There is something about the food here in Piura that easily makes us, used to an American diet, sick. Ted had a fever and was sick for two days over the weekend and Malorie was fighting off what we would later find out was a somewhat serious bacterial infection. My theory is that it has to do with the freshness of the food. There are no chemicals in the food and it is not processed. Although it sounds better, adjusting to it can be a painful process as we found out.

On our first site visit in the remote coffee growing region of Rodeopampa, our eyes were opened to an unexpected business reality. The town and 45 hectares of coffee growing operates in what is primarily a barter economy, where, with little access to markets to sell their goods, they were offered daily use goods in exchange for the coffee beans they harvested. This made it extremely difficult to define operational costs. Should our unit of currency be cooking oil, bags of rice, or coffee beans? Fortunately costs for growing coffee in the region are fairly universal, and we were able to develop a rough idea of what their costs were by comparing it to other business plans on coffee. In talking with community producers, we discovered that their primary concerns were that they lacked sufficient water, the arrival of the plague that was killing crops, and that they wanted a way out of poverty.

On our second site visit, we visited a beautiful mountain valley community situated in the heart of the Andean Sierra. With sugar cane all around, this site looked more promising. However, in arriving we discovered that the problem was that there was no one there. No one had received the radio message that we were coming and so we talked with the village elder who explained what he knew about the operations and we visited the bull powered cane press. There is huge demand from Germany and Switzerland for the organic sugar they produce in the region. The problem is that sugar production requires significant machinery and is fairly capital intensive. In such a remote region, the other problem is, how do you get your product to market? The current method is to load it onto donkeys to be transported to the town of Ayabaca.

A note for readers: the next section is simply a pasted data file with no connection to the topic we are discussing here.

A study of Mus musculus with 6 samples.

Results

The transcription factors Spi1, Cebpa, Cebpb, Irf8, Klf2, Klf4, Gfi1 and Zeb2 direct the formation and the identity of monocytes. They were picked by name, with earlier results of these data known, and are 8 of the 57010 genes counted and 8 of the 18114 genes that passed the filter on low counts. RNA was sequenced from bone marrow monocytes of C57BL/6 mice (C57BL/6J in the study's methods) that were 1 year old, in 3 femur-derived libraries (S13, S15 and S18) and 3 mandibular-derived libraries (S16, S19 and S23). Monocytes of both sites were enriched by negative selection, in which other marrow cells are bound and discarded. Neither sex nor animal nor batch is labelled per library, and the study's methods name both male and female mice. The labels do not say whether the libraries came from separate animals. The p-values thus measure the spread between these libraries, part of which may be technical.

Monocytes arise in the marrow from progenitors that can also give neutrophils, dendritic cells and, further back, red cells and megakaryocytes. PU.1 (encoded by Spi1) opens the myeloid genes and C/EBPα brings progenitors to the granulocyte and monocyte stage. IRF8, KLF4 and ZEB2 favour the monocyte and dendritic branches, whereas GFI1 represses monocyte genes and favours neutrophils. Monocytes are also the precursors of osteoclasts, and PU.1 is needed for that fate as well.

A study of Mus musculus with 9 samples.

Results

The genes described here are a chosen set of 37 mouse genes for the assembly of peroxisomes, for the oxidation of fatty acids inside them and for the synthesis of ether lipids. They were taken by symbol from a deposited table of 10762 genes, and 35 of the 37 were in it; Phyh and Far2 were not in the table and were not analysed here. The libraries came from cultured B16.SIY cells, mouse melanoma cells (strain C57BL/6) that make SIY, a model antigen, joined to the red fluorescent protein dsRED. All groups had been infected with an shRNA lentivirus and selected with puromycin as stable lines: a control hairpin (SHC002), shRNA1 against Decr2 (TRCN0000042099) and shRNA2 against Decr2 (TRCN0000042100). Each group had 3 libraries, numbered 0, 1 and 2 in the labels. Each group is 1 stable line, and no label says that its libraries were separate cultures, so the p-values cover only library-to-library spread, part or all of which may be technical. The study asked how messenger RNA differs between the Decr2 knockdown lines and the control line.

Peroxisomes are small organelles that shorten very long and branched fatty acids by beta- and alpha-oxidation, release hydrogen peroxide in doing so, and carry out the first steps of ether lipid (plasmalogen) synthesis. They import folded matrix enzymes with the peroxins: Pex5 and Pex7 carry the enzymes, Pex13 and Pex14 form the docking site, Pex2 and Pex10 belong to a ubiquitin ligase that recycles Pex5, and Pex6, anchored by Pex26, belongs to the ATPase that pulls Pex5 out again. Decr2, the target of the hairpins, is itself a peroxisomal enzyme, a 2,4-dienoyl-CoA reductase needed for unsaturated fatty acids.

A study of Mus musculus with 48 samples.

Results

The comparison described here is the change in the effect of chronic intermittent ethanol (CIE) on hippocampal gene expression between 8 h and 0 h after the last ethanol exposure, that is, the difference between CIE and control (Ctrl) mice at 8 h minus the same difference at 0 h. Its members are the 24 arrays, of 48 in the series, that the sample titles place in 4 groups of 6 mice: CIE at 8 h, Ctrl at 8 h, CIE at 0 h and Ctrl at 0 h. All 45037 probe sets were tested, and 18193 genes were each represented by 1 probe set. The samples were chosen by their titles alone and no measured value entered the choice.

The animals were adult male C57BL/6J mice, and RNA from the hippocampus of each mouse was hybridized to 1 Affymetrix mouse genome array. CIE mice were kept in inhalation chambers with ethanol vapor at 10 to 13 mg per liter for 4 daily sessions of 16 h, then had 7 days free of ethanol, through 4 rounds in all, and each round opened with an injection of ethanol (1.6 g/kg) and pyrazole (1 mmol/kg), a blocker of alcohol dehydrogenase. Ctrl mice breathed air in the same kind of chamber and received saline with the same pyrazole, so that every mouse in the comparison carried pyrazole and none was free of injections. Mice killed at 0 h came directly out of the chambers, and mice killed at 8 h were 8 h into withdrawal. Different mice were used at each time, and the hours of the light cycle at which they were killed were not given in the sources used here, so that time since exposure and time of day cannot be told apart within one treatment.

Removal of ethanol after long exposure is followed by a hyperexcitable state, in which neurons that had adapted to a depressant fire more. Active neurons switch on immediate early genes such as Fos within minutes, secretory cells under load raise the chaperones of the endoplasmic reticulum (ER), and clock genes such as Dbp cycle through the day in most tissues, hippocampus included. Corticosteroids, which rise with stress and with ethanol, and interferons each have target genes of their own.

PROCOMPITE and the government exist to facilitate growth through implementation of initiatives. The goal is to stimulate sustainable growth. In seeing the examples we saw in Ayabaca, investing $USD 100,000 could be the answer to help them elevate their position within the supply chain, but with minimal organizational capacity will they ever actually be profitable? The PROCOMPITE team in Piura is divided as to whether it would be better to help already profitable businesses to gain access to finances that would make them competitive internationally and indirectly stimulate growth (trickle down) or to help small producers catch up through investment that helps them rise out of poverty. It is a difficult question that we do not have an answer to.

Hoping for a good turnout in workshop participants, Ted sought the help of a local shaman.